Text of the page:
Duke of Edinburgh misses royals' Christmas Day service
The Royal Family have attended a Christmas Day service at a church on their Sandringham estate without Prince Philip, who is still in hospital.
Afterwards, the royals - including, for the first time, the Duchess of Cambridge - greeted well-wishers.
The Duke of Edinburgh, 90, had a coronary stent fitted on Friday after suffering chest pains.
The Rev Jonathan Riviere prayed for him during the service. Family members are due to visit the duke after lunch.
Rev Riviere said: "We pray for the Queen and the Royal Family, especially today we pray for Prince Philip and his continued recovery."
BBC royal correspondent Peter Hunt says family members are set to visit the duke in hospital after their lunch, scheduled for 13:00 GMT.
Our correspondent says Prince Philip is, by all accounts, eager to leave Papworth Hospital in Cambridgeshire but Buckingham Palace said the Duke remained "in good spirits".
Well-wishers began arriving at Sandringham's St Mary Magdalene Church before 07:00 GMT and police estimated that some 3,000 people were waiting outside by the time the royals arrived for the Christmas Day service.
After the service, family members walked amongst those gathered, accepting flowers and engaging in conversation.
Prince Charles said his father was "very well" when one royal fan asked after Prince Philip's health. Well-wisher Camilla Fitt said that the Prince of Wales had told her the duke was "very determined".
A Buckingham Palace spokesman said the Duchess of Cambridge was wearing a hat by Jane Corbett and a coat by an independent British dressmaker, whose identity he declined to reveal.
The Queen wore an ivory hat by Angela Kelly and a lavender dress and coat by Karl Ludwig.
It is understood the Queen had a paid a private visit to the church earlier. The Queen's Christmas broadcast this year has as its theme the strength of family, friends and the community working together.
The Queen visited the duke in hospital on Christmas Eve and he remains under observation.
She was accompanied on the 45-minute visit by their sons Edward and Andrew, and daughter, Anne.
They arrived by helicopter for the visit, where they were met by the hospital's chief executive and Professor John Cunningham, chief physician to the Queen.
After they left, the Prince of Wales and the Duchess of Cornwall arrived by car from Highgrove.
BBC royal correspondent Nicholas Witchell said the fact the Queen had visited her husband so promptly suggested it was a "moment of real anxiety" for the Royal Family, albeit one which appeared to have passed.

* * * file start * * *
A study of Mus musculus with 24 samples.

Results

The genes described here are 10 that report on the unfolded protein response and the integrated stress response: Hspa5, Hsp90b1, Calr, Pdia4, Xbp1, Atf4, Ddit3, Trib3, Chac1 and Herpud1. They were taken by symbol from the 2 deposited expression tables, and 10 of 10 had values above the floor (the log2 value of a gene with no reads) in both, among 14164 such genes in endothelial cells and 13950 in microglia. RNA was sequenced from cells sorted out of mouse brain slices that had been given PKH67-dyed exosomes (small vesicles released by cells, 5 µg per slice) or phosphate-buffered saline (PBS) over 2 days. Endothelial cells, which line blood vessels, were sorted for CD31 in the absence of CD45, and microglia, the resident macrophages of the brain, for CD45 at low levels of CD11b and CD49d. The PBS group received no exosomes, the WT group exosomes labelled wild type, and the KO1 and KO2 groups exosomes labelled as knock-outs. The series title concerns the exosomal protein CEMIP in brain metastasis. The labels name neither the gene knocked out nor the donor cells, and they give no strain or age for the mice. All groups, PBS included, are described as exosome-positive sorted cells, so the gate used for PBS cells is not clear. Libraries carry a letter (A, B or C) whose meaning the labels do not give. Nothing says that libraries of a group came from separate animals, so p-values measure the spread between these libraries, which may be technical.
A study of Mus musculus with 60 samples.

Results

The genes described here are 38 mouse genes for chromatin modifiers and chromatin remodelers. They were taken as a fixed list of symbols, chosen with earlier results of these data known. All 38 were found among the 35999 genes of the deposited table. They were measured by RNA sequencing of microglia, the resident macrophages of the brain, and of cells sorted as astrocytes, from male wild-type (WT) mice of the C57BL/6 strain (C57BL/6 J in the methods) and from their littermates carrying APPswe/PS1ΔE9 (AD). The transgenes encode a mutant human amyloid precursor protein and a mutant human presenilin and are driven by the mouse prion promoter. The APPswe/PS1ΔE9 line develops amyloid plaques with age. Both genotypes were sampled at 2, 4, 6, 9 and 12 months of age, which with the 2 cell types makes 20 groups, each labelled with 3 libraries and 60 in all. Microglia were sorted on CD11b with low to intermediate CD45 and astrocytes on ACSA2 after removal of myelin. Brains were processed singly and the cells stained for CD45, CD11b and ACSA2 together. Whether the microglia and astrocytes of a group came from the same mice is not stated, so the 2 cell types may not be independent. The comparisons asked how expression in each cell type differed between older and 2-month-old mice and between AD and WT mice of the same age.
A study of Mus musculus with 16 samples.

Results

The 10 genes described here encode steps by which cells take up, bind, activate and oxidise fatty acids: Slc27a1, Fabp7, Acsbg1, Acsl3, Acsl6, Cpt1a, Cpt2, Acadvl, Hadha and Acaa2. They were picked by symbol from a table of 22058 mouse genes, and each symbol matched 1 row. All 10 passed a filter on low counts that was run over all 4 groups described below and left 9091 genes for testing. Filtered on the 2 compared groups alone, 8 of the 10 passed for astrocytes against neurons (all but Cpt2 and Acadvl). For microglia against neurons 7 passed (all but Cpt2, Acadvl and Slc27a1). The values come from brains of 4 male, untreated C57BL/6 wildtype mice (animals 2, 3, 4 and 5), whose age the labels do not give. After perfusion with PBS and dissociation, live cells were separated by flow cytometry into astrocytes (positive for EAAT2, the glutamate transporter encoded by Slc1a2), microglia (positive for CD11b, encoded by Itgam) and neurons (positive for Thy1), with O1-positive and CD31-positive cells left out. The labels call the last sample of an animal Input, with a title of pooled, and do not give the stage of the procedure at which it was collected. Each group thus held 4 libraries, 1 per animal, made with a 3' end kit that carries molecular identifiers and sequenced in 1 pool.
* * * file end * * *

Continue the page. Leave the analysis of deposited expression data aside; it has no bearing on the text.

Speaking outside the hospital, Buckingham Palace spokeswoman Ailsa Anderson said on Saturday: "The Duke of Edinburgh had a good night and is in good spirits but he is eager to leave.
"Sunday's church service is going ahead as planned and we don't anticipate changes to the Royal Family's Christmas celebrations."
The "minimally invasive" coronary stenting procedure he underwent involves pushing a balloon into the artery and inflating it to remove the blockage.
The stent is a mesh sleeve fitted over the balloon, which remains fixed in position inside the body when the balloon is removed.
Prince Philip would have remained conscious during the procedure.
He was flown to the hospital by an RAF helicopter. No other member of the Royal Family travelled with him.
Papworth is the UK's largest specialist cardiothoracic hospital and the country's main heart and lung transplant centre, treating more than 22,800 inpatient and day cases and 53,400 outpatients each year.
Senior members of the Royal Family, including the Prince of Wales and the Duke and Duchess of Cambridge, arrived at Sandringham on Saturday for Christmas.
The duke was due to be leading Sandringham's Boxing Day shoot.
Prince Philip, who arrived at Sandringham on Monday, is the longest-serving royal consort and celebrated 64 years of marriage to the Queen in November.
He was last in hospital in April 2008, when he spent three days in London with a chest infection. On that occasion, the Queen did not visit him.
Speaking ahead of his 90th birthday, in June, the duke said he wanted to slow down. He stepped down as president or patron of more than a dozen organisations.
Royal biographer Penny Junor said the duke was generally in good health for his age.
"He is an extraordinarily fit man. He takes a lot of exercise, he does an awful lot of work. He's in very good shape generally. So with luck this is a blip and he'll be back fighting fit and back with the family for Christmas."
The Queen's Christmas Day broadcast to the nation will highlight the importance of the family unit. The speech, taped on 9 December, reflects on a year in which her grandson Prince William got married and her husband turned 90.